Hillary Clinton and Bernie Sanders discuss a point during the second Democratic presidential debate in Des Moines on Saturday. (Photo by Jim Young/Reuters)

A new ad from Vermont Sen. Bernie Sanders prompted a swift reaction from the Clinton campaign which on Thursday called it an "attack ad" and a violation of a Sanders pledge not to run any negative ads.

In an interview with Hillary Clinton on Thursday, MSNBC host Rachel Maddow raised the question: What was so negative about the ad, which implied -- correctly -- that Clinton has accepted money from Wall Street, but also pledges to regulate it?

The 30-second ad, called "Two Visions," never mentions Clinton by name, but it's easy to tell who Sanders is talking about.

"There are two Democratic visions for regulating Wall Street," Sanders says in the ad, speaking directly to the camera. "One says it's OK to take millions from big banks and then tell them what to do. My plan: break up the big banks, close the tax loopholes and make them pay their fair share."

Maddow seemed incredulous: "Honestly, it is not much of an attack," she told Clinton.

Clinton noted that the ad was a "broad assertion that caught up all Democrats," including the man both she and Sanders hope to succeed-- President Obama.

"It's also a very direct criticism of President Obama," Clinton said. "Who, as you recall, took a lot of money from the financial industry when he ran in 2008.

"That didn’t stop him from fighting for the hardest regulations on Wall Street since the Great Depression, signing Dodd-Frank, getting everything he could get out of the Congress at that time," she added.

The Sanders campaign has denied that the ad is negative.

As the race between Sanders and Clinton has gotten closer in the past week, the tone of their once-sleepy campaign has turned combative. New polls show Sanders within striking distance of Clinton in Iowa, and with a lead in New Hampshire. Clinton's national lead over Sanders has also taken a hit.

But Clinton insisted that the two campaigns are sticking to the issues, not resorting to personal attacks.

"It’s a funny kind of charge," Clinton said. "It's sort of a 'pox on all of your houses' for all the Democrats and that's what raised eyebrows."

"I take him at his word," Clinton added. "On anything personal, we don't do that in our side of the debate. We engage on substantive differences, and there are some."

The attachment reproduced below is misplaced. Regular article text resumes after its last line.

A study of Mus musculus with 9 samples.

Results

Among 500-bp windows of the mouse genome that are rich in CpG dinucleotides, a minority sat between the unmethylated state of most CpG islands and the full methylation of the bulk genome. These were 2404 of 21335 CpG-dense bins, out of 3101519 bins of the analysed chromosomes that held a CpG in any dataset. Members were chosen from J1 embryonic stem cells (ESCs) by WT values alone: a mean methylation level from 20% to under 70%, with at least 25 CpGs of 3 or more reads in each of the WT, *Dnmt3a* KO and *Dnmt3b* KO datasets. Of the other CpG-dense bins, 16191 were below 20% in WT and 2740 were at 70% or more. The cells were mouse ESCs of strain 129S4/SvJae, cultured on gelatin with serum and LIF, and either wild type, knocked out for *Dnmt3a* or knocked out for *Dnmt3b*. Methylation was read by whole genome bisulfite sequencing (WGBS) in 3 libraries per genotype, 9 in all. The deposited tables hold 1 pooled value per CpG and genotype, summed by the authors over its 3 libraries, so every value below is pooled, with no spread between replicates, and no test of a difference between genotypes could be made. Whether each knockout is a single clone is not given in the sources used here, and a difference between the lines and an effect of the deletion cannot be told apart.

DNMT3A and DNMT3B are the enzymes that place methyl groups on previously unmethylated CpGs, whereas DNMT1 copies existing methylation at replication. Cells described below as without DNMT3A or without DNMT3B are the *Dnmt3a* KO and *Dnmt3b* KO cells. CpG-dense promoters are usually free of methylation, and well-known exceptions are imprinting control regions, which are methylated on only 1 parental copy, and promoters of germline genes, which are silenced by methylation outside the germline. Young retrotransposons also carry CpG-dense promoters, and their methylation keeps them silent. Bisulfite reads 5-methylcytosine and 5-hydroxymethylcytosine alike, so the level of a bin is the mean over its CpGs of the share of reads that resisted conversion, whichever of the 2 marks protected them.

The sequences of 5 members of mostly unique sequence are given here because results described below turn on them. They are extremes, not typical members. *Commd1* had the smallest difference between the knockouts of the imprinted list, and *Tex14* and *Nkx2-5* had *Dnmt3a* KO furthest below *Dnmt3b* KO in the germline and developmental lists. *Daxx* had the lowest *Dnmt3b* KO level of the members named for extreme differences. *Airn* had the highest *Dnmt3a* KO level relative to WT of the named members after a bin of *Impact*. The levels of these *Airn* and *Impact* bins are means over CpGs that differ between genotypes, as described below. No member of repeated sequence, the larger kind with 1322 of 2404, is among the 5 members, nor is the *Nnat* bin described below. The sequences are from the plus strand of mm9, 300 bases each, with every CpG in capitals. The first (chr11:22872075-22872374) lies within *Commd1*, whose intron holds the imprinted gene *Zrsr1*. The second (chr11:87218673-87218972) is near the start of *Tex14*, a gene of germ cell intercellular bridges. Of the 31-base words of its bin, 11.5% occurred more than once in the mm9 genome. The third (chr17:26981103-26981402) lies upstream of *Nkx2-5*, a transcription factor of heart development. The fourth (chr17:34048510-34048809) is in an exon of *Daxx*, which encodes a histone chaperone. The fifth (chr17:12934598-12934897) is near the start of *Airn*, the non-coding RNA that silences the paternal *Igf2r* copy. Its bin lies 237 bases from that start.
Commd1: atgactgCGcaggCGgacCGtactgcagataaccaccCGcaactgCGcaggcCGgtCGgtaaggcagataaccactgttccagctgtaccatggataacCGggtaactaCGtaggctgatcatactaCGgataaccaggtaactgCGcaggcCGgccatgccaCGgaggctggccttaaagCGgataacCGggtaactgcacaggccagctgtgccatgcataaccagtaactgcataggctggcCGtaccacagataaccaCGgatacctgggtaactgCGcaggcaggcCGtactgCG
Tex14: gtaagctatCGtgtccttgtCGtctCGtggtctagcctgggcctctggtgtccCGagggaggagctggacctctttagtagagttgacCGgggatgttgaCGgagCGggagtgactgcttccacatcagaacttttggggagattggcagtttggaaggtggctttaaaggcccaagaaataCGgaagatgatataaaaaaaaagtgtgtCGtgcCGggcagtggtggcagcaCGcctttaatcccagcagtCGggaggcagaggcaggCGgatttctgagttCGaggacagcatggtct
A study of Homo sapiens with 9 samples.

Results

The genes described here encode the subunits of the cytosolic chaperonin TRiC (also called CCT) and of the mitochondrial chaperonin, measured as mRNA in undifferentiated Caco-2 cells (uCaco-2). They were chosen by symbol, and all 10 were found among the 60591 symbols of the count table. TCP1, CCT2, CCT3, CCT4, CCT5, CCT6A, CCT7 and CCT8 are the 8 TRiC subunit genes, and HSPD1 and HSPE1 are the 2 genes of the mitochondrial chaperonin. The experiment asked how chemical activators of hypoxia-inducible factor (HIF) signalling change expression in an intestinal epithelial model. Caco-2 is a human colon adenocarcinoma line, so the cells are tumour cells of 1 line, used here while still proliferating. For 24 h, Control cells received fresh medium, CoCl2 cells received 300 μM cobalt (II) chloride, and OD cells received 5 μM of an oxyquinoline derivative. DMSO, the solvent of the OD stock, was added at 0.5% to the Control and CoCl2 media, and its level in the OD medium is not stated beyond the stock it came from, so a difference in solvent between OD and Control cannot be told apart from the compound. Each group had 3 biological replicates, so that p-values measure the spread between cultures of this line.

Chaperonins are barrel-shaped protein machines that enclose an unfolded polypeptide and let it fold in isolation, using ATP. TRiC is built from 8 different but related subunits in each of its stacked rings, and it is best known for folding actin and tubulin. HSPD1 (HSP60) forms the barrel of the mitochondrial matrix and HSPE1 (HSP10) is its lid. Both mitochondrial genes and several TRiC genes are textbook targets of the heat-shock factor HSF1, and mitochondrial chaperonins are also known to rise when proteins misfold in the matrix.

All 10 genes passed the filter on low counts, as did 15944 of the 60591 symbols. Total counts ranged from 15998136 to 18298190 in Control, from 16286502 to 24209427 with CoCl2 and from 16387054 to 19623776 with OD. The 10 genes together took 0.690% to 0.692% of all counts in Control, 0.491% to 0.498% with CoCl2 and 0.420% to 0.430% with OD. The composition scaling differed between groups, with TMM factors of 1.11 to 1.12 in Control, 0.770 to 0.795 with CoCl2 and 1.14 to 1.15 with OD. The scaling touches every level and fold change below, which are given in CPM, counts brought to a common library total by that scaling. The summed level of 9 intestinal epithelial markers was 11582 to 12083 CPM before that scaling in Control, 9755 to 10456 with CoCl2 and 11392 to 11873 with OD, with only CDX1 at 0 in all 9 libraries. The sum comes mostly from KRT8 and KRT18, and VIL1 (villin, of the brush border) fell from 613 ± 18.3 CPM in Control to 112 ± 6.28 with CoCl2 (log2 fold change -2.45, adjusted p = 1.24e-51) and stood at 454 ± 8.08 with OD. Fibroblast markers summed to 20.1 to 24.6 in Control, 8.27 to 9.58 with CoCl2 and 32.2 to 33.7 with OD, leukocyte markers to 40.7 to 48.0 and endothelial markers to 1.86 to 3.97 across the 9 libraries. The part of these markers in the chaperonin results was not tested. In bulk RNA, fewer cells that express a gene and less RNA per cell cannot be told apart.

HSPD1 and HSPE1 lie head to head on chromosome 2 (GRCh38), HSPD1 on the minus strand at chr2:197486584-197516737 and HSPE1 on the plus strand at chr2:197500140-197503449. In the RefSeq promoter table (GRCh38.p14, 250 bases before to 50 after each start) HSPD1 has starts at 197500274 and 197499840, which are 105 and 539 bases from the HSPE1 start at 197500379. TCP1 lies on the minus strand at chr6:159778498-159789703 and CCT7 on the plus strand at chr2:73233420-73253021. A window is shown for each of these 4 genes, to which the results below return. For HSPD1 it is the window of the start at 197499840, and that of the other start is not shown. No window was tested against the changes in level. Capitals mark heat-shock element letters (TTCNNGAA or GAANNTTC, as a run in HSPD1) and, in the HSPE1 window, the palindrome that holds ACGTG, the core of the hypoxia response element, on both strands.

The changing dynamic in the Democratic race has also drawn Clinton out to a slew of interviews -- including the one with Maddow -- aimed at progressive audiences and focused on engaging the Sanders campaign at every turn.

THE TONIGHT SHOW STARRING JIMMY FALLON -- Episode 400 -- Pictured: (l-r) Presidential Candidate Hillary Clinton during an interview with host Jimmy Fallon on January 14, 2016 -- (Photo by: Douglas Gorenstein/NBC) Presidential Candidate Hillary Clinton during an interview with "Tonight Show" host Jimmy Fallon on January 14, 2016. (Douglas Gorenstein/NBC)

Earlier in the night, Clinton taped an interview with "Tonight Show" host Jimmy Fallon -- Snapchat selfies and all. She also addressed the tightening poll numbers against Sanders.

Clinton downplayed the significance of earlier polls in the race that initially showed her with larger leads, calling them "artificial."

"We're in a tight race," Clinton said. "All of those early soundings and polls... once you get into it, this is a Democratic election for our nominee and it gets really close, exciting and it really depends upon who makes the best case that you can be the nominee to beat whoever the Republicans put out."

"I find it exciting," Clinton added. "This is not a job they give away, you really do have to work hard for it. It is the hardest job in the world, so I get up every day and go right at it."

Her full interview with Fallon will air at 11:35 p.m. on Thursday.